Any person who sustains an injury caused by the negligent actions of another individual, business, or entity in Arizona deserves compensation for their losses. This not only includes the calculable losses one would expect after an incident like this, such as medical bills, lost wages, and property damage expenses but also includes the more immeasurable losses, such as pain and suffering. Here, we want to discuss how pain and suffering damages are calculated in an Arizona personal injury claim.
One of the most popular methods for calculating non-economic damages in an Arizona personal injury claim is the “multiplier method.”
Using this method, an attorney will first add up all of the calculable economic expenses related to the injury. This includes medical bills, property damage expenses, rental car assistance, lost wages, out-of-pocket expenses, etc. After adding up all of the economic losses related to the injury, an attorney will multiply that total by a set number. Using this method, an attorney will usually use a number ranging from 2 to 5.
For example, let us suppose an individual sustains a traumatic brain injury as a result of a vehicle accident caused by another driver. Let us further suppose that the person experiences $100,000 worth of economic damages related to the incident. An attorney could use a multiplier of “three” and multiply this by the $100,000 to reach a non-economic pain and suffering damage total of $300,000. Overall, the attorney would ask for $400,000 on behalf of their client.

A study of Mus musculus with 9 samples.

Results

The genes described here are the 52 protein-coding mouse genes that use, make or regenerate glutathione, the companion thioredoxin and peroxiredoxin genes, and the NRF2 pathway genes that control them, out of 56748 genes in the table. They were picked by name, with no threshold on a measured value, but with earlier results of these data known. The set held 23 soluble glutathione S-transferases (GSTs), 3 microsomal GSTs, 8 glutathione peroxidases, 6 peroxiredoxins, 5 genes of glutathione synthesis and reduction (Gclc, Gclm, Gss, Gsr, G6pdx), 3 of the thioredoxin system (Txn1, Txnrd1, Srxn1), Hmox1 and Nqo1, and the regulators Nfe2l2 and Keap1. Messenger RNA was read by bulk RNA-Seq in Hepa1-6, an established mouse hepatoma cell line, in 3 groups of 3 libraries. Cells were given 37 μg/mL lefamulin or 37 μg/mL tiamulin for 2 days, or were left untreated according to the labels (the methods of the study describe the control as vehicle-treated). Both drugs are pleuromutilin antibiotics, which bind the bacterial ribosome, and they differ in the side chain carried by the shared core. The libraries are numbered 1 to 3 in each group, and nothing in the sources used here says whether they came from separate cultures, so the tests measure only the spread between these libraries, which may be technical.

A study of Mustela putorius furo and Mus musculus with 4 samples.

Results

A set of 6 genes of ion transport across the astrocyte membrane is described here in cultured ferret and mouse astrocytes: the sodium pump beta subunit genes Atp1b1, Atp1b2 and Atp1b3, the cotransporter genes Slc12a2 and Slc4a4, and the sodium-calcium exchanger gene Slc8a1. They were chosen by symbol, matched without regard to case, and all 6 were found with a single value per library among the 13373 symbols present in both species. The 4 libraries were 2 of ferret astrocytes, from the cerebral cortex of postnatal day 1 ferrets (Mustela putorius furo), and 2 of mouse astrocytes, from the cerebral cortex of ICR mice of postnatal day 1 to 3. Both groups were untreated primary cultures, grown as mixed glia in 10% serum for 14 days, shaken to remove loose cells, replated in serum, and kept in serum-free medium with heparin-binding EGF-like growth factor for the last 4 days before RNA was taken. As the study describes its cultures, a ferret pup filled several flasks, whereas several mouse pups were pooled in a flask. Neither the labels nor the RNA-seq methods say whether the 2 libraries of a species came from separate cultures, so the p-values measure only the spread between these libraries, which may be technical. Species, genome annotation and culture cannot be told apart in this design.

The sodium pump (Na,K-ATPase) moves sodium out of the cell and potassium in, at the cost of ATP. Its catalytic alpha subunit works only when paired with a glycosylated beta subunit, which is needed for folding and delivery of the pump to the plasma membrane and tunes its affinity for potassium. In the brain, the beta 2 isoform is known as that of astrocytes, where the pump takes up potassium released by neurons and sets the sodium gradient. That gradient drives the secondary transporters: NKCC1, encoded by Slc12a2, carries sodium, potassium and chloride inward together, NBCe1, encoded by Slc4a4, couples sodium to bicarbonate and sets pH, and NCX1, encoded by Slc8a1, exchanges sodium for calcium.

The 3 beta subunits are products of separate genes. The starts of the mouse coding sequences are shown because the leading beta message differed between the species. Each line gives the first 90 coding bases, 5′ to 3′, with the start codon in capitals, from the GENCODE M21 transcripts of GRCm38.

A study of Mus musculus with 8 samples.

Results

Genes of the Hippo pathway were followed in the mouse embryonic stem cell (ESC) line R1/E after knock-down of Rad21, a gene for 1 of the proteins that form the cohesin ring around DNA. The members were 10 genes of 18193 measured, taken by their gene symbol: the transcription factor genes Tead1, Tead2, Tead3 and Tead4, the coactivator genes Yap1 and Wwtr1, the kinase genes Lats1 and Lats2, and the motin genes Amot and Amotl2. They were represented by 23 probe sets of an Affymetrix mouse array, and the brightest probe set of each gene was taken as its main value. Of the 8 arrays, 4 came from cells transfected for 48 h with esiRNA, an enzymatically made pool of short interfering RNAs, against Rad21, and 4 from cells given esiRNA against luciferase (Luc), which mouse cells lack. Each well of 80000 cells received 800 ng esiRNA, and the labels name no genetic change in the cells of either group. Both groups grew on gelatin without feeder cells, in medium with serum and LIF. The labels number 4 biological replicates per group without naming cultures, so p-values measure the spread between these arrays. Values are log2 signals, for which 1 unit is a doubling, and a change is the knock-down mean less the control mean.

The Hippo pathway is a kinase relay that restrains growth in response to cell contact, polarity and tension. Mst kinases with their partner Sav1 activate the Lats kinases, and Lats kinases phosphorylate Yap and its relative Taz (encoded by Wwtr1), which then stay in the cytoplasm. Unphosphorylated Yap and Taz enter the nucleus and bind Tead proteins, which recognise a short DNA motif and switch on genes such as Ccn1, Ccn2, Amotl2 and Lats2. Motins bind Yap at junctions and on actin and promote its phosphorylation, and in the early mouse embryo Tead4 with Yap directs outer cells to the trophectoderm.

Another method that could be used to calculate pain and suffering damages and Arizona includes the “per diem” method. Using this method, there will be a dollar value assigned to every day of pain and suffering a person is expected to endure.
For example, suppose that person is expected to endure pain and suffering for two years as a result of their injuries. An attorney could assign a daily dollar value of $300 to every day the person is expected to endure pain and suffering. Overall, this would mean multiplying $300 by 730 days to reach a non-economic pain and suffering damage total of $219,000. This pain and suffering total would then be added to the economic damages the client endured.
There are no limitations, or caps, related to pain and suffering damages in Arizona. Some states do place caps on non-economic damages, but this has been found to be against the Arizona constitution.
It is absolutely crucial to have a skilled personal injury attorney by your side after these incidents occur. Adequately calculating total losses can be challenging, but an attorney will use their resources to enlist assistance from economic and medical experts. By working with an attorney, you will have an advocate with the experience necessary to negotiate with insurance carriers and present their findings to a personal injury jury if necessary.